Seattle-based glass artist Ginny Ruffner was at the peak of her career when a car accident almost took her life.
No one thought she would ever walk or talk again. But Ruffner fought her way back and has been re-inventing herself, and her art, ever since.
Ruffner is one of the best-known glass artists in the United States. Her one-of-a-kind sculptures are vibrant, exquisitely detailed and often humorous.
Over the years, she became famous for a technique called lamp working, also known as flame working, which involves using a torch to melt and shape the glass rather than blowing it.
But in 1991, at the peak of her career, Ruffner was involved in a three-car collision that almost took her life. She was in a coma for five weeks.
"It's scary when you can't talk. It's scary when you can't do what you've done all your life," she says.
The award-winning artist was in the hospital for five months and in a wheelchair for five years.
However, despite the odds, Ruffner overcame her injuries and, although she still has difficulty walking and talking, has willed herself back to work.
She's still creating the glass work that made her famous, but she also paints, draws and creates large-scale sculptures in a variety of mediums.
Because her movement is now limited, Ruffner works with a team of artists and designers who help bring her vision to life.
She calls it a benign dictatorship.
“I’m the one saying green here, yellow there, but they’re the ones who are actually doing it,” she says.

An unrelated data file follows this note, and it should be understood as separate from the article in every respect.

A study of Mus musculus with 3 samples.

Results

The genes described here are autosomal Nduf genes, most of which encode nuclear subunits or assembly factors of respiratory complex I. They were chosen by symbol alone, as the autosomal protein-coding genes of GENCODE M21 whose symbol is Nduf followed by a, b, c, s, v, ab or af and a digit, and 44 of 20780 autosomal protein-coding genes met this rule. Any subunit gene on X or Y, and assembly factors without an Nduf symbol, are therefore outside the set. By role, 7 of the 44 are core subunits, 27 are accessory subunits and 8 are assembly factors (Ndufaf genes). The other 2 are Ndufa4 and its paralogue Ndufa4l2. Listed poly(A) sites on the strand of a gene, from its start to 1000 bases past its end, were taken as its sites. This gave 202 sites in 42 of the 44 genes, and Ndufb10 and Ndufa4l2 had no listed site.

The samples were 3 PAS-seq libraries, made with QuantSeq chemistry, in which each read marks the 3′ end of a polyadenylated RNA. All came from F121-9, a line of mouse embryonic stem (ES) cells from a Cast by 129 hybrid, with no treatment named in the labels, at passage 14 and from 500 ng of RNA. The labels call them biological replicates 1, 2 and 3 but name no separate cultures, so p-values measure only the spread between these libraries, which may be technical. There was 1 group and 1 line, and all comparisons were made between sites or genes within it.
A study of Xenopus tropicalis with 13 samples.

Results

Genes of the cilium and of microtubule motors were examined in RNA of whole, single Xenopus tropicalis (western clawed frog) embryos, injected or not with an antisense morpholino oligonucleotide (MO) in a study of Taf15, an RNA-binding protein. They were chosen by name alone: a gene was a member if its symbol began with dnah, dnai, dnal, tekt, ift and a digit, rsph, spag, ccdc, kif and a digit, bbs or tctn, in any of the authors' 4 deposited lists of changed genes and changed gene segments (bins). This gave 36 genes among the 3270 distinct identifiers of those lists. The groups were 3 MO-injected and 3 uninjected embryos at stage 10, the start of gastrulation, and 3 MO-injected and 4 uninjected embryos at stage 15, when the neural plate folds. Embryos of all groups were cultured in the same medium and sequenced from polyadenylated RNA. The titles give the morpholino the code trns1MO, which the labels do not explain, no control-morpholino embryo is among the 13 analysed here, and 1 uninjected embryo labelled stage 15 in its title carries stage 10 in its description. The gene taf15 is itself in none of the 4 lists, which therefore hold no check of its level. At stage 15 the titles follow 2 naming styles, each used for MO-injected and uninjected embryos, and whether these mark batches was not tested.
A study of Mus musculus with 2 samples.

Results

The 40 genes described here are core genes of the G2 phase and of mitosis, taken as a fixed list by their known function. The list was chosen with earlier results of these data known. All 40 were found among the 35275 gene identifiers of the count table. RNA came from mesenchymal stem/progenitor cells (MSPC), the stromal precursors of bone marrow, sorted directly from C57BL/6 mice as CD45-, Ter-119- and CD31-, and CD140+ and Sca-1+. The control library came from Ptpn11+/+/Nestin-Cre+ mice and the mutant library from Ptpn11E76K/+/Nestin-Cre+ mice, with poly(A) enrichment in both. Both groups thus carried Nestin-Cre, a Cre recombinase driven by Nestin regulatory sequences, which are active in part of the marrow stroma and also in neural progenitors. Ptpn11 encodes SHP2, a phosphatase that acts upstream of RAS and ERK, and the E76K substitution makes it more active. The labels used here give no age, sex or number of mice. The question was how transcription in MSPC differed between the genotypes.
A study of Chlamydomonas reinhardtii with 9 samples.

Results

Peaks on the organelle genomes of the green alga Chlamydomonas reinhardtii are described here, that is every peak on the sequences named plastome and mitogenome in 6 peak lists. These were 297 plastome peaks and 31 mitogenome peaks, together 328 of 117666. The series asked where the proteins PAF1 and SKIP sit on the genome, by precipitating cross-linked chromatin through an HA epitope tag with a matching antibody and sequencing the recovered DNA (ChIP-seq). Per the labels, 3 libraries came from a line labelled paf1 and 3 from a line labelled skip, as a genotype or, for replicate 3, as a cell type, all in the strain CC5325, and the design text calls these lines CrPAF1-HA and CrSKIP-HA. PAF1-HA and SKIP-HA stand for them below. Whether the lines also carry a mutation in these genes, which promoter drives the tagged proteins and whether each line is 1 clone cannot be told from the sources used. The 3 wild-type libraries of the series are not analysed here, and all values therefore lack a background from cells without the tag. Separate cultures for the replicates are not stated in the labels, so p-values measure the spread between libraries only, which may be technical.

She and her team recently finished a 28-foot [8.5 meter] high flowerpot made of steel and aluminum, installed in downtown Seattle.
And Ruffner hasn’t stood still since.
She was recently honored at the Smithsonian’s prestigious Renwick Gallery in Washington, D.C., with a special screening of an award-winning film about her life called “A Not So Still Life, the Ginny Ruffner Story,” by filmmaker Karen Stanton.
And, in a current exhibit at the Maurine Littleton Gallery in Washington, art fans were able to see the glass flower sculptures for which she’s famous. Also, a collection of prints and drawings Ruffner says were inspired by scientific readings.
“She uses her imagination and her mind to put together shapes and forms and subjects in a way that you haven’t seen,” says gallery owner Maurine Littleton, who has known Ruffner for more than 25 years.
It’s been a long journey, but Ruffner says the hardest part has not been the physical challenge.
“I detest being taken for granted. Being ignored,” she says. “The way I talk, people assume that I’m either really old, or kind of retarded, and that is so frustrating.”
Maurine Littleton believes Ruffner has done more than influence people in a technical way.
“She’s also set an example of someone who, despite losing technical facility," she says, "is still able to work and do more than ever before.”
Ruffner has had 40 solo shows, several hundred group shows, and her work is in 42 permanent collections in museums around the world. However, she feels her best work is yet to come.
“Fortunately I’ve done a lot of stuff in my life, so I know that the best thing is to be open to the mystery. Who knows what great things will happen. I’m sure they’re many more to come.”